Maurice Bishop put country before self, says his widow

ST GEORGE’S, Grenada (CMC) — The widow of Grenada’s first left-wing prime minister, Maurice Bishop, last Thursday said that while she did not support his choice to enter politics, he was nonetheless a person who put country over his own family and his legal profession when he returned from England as a lawyer in the early 1970s.

“My fellow Grenadians, I was not happy with that decision. You see, Maurice Bishop was not Maurice Bishop back then, he was just Maurice, my husband, a young father making idealistic choices as he always did but choices that had an impact on our family,” Angela Bishop said at an ecumenical service to commemorate October 19 as National Heroes Day.

The day coincided with the 40th anniversary of the murder of Bishop, who, along with several key members of his People’s Revolutionary Government (PRG), which itself had come to power by overthrowing the Government of then Prime Minister Sir Eric Gairy in March 1979, was gunned down soon after he was released from house arrest.

A military junta group within the PRG tried to make Bishop either step down or agree to a power-sharing agreement with the then Deputy Prime Minister Bernard Coard. Bishop rejected the proposals and was eventually deposed and placed under house arrest during the first week of October 1983 by Coard.

The in-fighting within the PRG led to the United States launching a military invasion of the island and the whereabouts of the remains of Bishop and others who were killed on October 19, 1983 remain a mystery.

“Maurice never made choices to see how much he could get, he made choices to see how much he could give, how much he could serve, very important words and that sounds lovely, but it had an impact.

“Maurice often chooses service over outings with our family, and I would see the disappointment on our children’s faces. I share that only to convey the deep and abiding love Maurice had for Grenada and for you the Grenadian people,” said Mrs Bishop, who is the mother of his two children.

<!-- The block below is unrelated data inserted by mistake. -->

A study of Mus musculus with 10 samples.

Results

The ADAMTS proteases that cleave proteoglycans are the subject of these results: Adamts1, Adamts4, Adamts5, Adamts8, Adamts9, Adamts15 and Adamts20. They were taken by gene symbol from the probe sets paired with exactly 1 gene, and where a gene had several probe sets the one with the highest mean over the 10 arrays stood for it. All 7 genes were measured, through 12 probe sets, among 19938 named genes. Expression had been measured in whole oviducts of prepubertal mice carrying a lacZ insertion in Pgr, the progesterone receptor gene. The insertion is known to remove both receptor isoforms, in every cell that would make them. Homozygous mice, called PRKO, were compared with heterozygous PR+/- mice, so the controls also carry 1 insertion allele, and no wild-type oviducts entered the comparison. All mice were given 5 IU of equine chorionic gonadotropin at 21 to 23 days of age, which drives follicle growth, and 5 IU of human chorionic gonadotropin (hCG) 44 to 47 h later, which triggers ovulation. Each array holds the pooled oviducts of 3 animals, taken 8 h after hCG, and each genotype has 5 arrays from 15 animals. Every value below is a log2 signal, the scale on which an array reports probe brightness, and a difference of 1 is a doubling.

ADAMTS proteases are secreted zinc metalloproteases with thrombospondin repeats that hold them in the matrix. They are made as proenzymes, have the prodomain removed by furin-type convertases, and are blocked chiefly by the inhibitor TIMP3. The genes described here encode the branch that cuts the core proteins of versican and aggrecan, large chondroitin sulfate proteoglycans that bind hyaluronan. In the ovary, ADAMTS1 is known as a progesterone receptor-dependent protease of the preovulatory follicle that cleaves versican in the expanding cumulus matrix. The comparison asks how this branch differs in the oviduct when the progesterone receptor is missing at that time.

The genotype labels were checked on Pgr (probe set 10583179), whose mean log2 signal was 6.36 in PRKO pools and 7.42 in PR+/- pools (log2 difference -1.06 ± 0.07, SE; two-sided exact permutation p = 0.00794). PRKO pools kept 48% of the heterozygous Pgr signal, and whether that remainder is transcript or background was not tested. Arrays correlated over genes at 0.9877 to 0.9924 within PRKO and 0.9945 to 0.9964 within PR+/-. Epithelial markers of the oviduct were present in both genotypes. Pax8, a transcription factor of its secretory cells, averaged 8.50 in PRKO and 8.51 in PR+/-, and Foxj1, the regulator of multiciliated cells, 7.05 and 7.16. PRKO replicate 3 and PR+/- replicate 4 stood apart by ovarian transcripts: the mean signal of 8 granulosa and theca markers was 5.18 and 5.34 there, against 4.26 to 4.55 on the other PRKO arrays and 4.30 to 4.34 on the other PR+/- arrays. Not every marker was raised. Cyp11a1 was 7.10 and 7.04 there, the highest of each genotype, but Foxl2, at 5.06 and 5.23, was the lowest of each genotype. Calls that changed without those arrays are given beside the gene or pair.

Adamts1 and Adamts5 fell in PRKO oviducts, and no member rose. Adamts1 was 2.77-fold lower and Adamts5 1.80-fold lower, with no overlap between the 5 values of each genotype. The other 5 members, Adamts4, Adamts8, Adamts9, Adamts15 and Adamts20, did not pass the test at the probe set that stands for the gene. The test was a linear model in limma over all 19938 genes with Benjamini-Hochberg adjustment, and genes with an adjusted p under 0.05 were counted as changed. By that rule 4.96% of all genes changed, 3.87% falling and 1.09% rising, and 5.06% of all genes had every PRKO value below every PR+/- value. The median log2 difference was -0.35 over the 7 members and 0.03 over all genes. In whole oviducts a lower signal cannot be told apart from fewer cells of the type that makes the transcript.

“This love and commitment to our people was paramount for him and it never waived… he had a keen sense of right and wrong when it came to advocating for justice and the desire to be of service to those who did not have,” she told those attending the service held at the National Stadium and including Governor General Dame Cecile La Grenada, Prime Minister Dickon Mitchell, several Cabinet ministers, former Prime Minister Tillman Thomas and Don Rojas, who served as press secretary to Bishop.

“The desire to be a driving force was powerful…as he continued with his idealism and service I was the wife of two young children trying to make sure that they had what they needed, so I continued to encourage Maurice to take cases from people who actually had the ability to pay legal fees and not just from people who will pay his legal fees from backing up a truck in the yard on a Sunday afternoon and offloading plantain, dasheen, breadfruit, callaloo and bananas,” she added.

“Of course, Maurice would receive this payment as if it was pure gold and as if his deepest wish was to receive payment like breadfruit for his work. My fellow Grenadians, the one and only time that Maurice did not answer a question was when I asked him which bank was taking breadfruit and callaloo as payment for our loan; there was complete silence,” said Mrs Bishop, a nurse by profession.

She told the audience that Bishop was a man who preferred a minimalist lifestyle, and shared his reason for adopting a humbler regime for his family and home.

She said after the demise of the revolution, the family went looking for a new house because of safety and security issues. The existing family home was close to the main road. They had to give up the dream of residing in a home with winding stairs because it was not reflective of the average Grenadian at the time.

She said she had to tell the children that they would not be living there.

“Sure enough, he later explained to the kids that he could not be living there while representing Grenadians, many of whom lived in very modest circumstances while he lived in such modern upper class, it did not seem right to him,” she said.